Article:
Why is grinding so important?

Let’s take a step back.

Brewing coffee is all about extracting soluble coffee solids from the beans and dissolving them in the hot water. Let’s look at something else that’s soluble for comparison.

If you put a spoonful of powdered sugar, granulated sugar, and demerara sugar into a cup and pour some hot water into it, what happens?  The powdered sugar dissolves almost immediately, the granulated sugar takes a bit longer, and the demerara sugar, due to it’s larger size, takes some stirring and agitation to get it to finally dissolve. If you need all of the sugar to dissolve at the same time, you want all of the sugar crystals to be the same size.  The same thing applies to coffee grounds.

Inconsistently ground coffee allows the soluble bits to dissolve at different rates. Once the solubles are extracted from the coffee particle, continued extraction (presence of hot water) will start pulling other compounds from the coffee that don’t taste as good, most commonly the oils from the bean. The best way to avoid this is to use a grinder that will crush the beans into same size (or very close) particles.


  • The Blade Grinder – Blade grinders are very popular home grinders for one reason – they’re inexpensive. You can find a blade grinder pretty easily for under $20.  They’re also easy to use, you just pour your beans into the bin then hold the button while the blade spins and pulverizes the beans into grounds. Each time the blade edge hits the bean, it smashes into the bean and breaks it into smaller fragments. The blades hit all the fragments, which means you end up with a mixture of large and small particles with no control over consistency.  As stated above, this means different extraction rates for each fragment, which means bitter oils and other bad-tasting compounds in your coffee.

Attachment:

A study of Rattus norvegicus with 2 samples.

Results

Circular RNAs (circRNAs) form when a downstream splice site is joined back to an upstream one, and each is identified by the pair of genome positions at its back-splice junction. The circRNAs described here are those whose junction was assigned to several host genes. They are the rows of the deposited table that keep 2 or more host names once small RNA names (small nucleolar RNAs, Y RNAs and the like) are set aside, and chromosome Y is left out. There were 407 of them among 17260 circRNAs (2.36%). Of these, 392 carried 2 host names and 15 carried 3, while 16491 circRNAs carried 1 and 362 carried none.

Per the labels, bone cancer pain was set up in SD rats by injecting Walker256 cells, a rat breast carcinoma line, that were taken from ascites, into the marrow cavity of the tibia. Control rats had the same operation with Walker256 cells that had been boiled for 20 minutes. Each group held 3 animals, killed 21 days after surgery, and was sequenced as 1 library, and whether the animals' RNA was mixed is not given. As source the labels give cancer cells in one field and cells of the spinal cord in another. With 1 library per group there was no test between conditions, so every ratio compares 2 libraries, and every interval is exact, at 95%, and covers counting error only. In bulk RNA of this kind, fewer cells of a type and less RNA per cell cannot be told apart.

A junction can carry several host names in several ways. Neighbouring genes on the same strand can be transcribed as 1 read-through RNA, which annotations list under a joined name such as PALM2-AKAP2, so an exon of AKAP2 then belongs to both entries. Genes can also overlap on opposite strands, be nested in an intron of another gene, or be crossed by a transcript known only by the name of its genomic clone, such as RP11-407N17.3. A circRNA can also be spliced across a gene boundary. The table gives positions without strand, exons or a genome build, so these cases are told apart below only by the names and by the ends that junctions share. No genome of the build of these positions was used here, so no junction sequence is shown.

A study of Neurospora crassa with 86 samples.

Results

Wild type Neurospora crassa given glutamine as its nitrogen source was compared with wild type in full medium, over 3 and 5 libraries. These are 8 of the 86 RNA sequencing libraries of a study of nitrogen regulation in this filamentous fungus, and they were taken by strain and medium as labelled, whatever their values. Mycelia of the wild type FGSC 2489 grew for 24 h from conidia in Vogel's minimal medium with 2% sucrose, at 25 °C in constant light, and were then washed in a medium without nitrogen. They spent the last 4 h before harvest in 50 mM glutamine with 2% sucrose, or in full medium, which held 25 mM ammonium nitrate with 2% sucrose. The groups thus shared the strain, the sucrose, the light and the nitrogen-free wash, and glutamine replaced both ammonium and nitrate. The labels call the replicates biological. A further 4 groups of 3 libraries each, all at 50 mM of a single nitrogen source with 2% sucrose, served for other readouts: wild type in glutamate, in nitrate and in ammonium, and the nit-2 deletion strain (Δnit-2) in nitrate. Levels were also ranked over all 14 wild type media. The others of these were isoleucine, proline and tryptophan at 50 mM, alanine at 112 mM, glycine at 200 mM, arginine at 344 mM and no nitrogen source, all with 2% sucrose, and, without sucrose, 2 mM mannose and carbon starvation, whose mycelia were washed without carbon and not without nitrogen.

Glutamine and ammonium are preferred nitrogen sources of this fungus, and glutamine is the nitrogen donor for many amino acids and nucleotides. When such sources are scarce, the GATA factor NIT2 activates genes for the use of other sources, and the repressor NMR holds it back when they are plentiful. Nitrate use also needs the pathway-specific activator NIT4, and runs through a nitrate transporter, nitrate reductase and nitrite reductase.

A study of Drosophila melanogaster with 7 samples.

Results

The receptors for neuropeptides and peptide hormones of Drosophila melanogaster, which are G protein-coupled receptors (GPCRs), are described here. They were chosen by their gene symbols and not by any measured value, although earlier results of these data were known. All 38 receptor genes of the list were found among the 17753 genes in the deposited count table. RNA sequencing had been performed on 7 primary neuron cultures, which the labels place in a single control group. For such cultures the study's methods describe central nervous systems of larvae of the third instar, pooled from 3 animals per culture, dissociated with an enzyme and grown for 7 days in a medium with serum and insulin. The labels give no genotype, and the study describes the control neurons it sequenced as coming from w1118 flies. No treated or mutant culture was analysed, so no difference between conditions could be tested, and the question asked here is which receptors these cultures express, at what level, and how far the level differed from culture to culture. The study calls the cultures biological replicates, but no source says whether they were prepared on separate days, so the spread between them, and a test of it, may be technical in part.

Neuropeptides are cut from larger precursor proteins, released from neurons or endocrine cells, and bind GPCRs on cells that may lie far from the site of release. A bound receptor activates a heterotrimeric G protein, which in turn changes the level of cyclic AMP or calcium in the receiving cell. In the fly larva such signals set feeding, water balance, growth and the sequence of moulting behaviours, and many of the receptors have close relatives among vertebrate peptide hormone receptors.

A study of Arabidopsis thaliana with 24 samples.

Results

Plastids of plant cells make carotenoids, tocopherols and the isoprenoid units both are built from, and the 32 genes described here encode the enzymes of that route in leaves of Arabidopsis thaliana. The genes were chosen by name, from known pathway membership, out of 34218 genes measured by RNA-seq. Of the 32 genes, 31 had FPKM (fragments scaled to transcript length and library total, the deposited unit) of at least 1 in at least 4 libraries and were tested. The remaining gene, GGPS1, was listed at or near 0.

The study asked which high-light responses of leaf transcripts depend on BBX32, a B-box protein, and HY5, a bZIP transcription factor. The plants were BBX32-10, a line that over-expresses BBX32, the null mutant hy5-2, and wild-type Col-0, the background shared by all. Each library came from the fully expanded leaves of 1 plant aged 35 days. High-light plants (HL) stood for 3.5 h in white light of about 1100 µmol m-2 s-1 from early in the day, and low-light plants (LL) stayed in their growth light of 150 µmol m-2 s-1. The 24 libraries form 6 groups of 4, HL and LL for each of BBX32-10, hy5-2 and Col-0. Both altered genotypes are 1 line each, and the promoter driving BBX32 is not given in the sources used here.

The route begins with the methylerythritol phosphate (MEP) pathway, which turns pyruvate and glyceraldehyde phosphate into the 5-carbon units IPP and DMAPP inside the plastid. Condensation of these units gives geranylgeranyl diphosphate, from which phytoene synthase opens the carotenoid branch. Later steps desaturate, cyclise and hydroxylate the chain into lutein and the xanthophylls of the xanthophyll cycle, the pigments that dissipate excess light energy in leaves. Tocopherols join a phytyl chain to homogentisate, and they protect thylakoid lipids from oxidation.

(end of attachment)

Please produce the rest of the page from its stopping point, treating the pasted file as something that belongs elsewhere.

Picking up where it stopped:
This is why we don’t have pre-ground coffee in our selections.  Our goal is to help you get the best cup possible, which won’t happen if you receive pre-ground coffee from us.

Grind size and brewing methods

Let’s get back to the original question – why is grind so important? Each extraction method – or brewing method – likes a different size of coffee particle. If you try to use a blade-ground coffee in an espresso machine, you’ll end up with a very poor tasting espresso. It might be drinkable if you add enough cream and sugar, but the whole reason you’re here is to get a great cup!  So let’s get into it.

Pour-over and drip – you want plenty of space between the particles for water to flow, so a semi-coarse grind is ideal for both of these brewing methods – it should be about the size of kosher salt. Too fine and your filter can get clogged in addition to the over-extraction, too coarse and the water will flow too quickly over the grounds and won’t extract enough of the coffee solids.

French Press – you’ll want a lot of surface area for steeping, which means a coarse grind – this should be about the size of coarse-ground salt. Larger particles increase the time for proper extraction to happen due to the increased surface area. Using a fine grind will not only over-extract the solids, but it will also clog up the screen of the press.

Espresso – As you’ll see on the Brewing page, espresso uses pressure to force steam through the grounds. If you use a course grind, there will be a lot of space between each particle, which gives plenty of space for the steam to rush through, which in turn leads to under-extraction. A fine grind – almost a powder – slows the steam to a point where proper extraction can happen. If you’re wanting to brew espresso, I highly recommend a burr grinder that has a very fine setting; a blade grinder won’t be able to get the grounds fine enough, or consistent enough.


In general, I recommend a burr grinder over a blade grinder every day of the week. You’ll notice an immediate difference in your coffee with the more consistent grind a burr grinder can provide.